Pennsylvania’s hallowed ground: Exploring the final resting places of iconic women in history

By Ashley Adams

March 6, 2024

From the seamstress credited with making the first US flag to a woman considered by many to be the world’s first supermodel, a number of famous women are laid to rest throughout Pennsylvania.

Pennsylvania has not only played a pivotal role in many key points in history, but the Keystone state is also the final resting place for many influential women.

From seamstress Betsy Ross to singer Joni Sledge and author Pearl S. Buck, here are 10 famous women who are buried in the commonwealth.

Joni Sledge: Ivy Hill Cemetery, Philadelphia

Singer Joni Sledge, the founding member of Sister Sledge, is buried in her hometown of Philadelphia. You might know her best from the hit song “We Are Family.”

Jayne Mansfield: Fairview Cemetery, Pen Argyl, Northampton County

One of the early Playboy Playmates, Jayne Mansfield had a short, yet successful Hollywood film career before she died in a car accident in 1967. Mansfield is also the mother of actor Mariska Hargitay.

St. Katharine Drexel: Cathedral Basilica of Saints Peter and Paul, Philadelphia

St. Katharine Drexel was the second American-born saint to be canonized by the Catholic Church. She founded Xavier University in New Orleans, which was the first Catholic University in the US for Black Americans.

Marian Anderson: Eden Cemetery, Collingdale, Delaware County

Singer Marian Anderson was the first Black American to perform at New York’s Metropolitan Opera.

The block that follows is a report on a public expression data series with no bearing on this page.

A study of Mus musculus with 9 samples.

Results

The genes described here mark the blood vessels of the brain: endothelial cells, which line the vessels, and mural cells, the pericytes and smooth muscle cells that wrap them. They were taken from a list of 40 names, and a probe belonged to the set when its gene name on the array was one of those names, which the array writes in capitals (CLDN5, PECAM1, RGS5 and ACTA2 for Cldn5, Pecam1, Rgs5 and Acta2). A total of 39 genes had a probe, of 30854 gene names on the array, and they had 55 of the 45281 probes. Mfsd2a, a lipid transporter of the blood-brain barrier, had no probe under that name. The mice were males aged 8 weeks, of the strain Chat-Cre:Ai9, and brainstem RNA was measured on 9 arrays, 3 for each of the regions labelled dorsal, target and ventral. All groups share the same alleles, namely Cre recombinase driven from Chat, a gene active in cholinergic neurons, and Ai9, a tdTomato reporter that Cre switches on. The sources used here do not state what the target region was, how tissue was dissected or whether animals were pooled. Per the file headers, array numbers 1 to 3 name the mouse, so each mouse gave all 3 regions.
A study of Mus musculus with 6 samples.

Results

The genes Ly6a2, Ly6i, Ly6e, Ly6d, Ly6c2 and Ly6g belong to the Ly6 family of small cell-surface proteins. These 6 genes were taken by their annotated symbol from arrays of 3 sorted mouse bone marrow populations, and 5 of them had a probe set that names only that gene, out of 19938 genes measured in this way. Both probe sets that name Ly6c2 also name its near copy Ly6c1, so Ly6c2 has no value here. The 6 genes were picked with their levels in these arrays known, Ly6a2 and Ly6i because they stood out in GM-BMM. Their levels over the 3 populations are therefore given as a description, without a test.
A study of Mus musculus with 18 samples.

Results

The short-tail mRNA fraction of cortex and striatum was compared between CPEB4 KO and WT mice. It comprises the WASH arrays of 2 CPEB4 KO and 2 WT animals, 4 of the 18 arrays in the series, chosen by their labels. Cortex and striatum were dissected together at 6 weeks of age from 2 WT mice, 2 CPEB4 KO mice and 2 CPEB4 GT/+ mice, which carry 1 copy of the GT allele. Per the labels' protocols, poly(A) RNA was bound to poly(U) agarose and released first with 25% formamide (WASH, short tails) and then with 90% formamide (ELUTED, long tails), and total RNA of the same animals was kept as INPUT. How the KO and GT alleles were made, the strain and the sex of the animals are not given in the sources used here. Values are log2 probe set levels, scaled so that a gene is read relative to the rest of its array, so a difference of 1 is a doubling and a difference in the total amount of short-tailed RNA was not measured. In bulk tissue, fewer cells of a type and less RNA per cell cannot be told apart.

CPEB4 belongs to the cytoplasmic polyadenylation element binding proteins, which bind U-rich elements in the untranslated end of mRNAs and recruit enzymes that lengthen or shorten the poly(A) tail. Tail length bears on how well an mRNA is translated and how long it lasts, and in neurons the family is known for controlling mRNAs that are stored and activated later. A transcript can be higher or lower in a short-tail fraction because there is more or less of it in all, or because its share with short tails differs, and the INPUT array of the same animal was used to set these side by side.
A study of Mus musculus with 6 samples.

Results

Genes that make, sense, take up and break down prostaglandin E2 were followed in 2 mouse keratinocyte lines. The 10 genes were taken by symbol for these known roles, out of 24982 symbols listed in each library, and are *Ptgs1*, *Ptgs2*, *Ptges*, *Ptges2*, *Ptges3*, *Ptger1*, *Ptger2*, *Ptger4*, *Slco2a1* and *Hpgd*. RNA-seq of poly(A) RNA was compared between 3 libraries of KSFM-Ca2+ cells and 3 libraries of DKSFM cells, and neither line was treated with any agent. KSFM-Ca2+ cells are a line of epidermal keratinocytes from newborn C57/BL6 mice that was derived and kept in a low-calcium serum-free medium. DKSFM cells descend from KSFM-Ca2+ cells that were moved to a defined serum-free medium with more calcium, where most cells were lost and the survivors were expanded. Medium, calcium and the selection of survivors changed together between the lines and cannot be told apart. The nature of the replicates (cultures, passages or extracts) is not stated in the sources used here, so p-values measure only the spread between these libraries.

Pearl S. Buck: Green Hills Farm Grounds, Perkasie, Bucks County

Pulitzer Prize- and Nobel Prize-winning writer Pearl S. Buck is buried in Bucks County. She is best known for her novel, “The Good Earth,” a portrait of peasant life in China that became a best-seller in the US in the early 1930s.

Ida Tarbell: Woodlawn Cemetery, Titusville, Crawford County

Pioneering investigative journalist Ida Tarbell penned a series of articles in McClure’s Magazine in the early 1900s that led to the dissolution of the Standard Oil company and the eventual creation of the FTC.

Betsy Ross: Betsy Ross House Courtyard, Philadelphia

Elizabeth Griscom Ross, also known as Betsy Ross, was an American upholsterer who was credited by her relatives in 1870 with making the first official US flag, accordingly known as the Betsy Ross flag. She was buried in three separate graves, originally interred in Society Hill before being moved to southwest Philadelphia’s Mount Moriah Cemetery, and then finally resting where she is now in the courtyard of the Betsy Ross House.

Molly Pitcher: Old Public Graveyard, Carlisle

Molly Pitcher is the nickname given to Mary Ludwig Hays, who was married to William Hays, an artilleryman in the Continental Army. She joined him at the Army’s winter camp in Valley Forge in 1777, and when her husband fell during the Battle of Monmouth, she took his place swabbing and loading the cannon.

Gia Marie Carangi: Sunset Memorial Park, Huntingdon Valley, Bucks County

Gia Marie Carangi was an American model, considered by many to be the world’s first supermodel. She was featured on the cover of magazines such as Vogue and Cosmopolitan, and appeared in advertising campaigns for luxury fashion houses such as Armani, Dior, Versace, and Yves Saint Laurent.

Florence Foster Jenkins: Hollenback Cemetery, Wilkes-Barre

Florence Foster Jenkins was an American socialite and amateur soprano who became known, and mocked, for her flamboyant performance costumes and her poor singing ability. Despite – or perhaps because of – her technical incompetence, she became a prominent musical camp cult-figure in New York City from the 1920s to the 1940s.

READ MORE: How 3 Women Left Their Mark on Valley Forge’s History

Author

  • Ashley Adams

    In her 16 years in the communications industry, Ashley Adams has worn many hats, including news reporter, public relations writer, marketing specialist, copy editor and technical writer. Ashley grew up in Berks County and has since returned to her roots to raise her three children.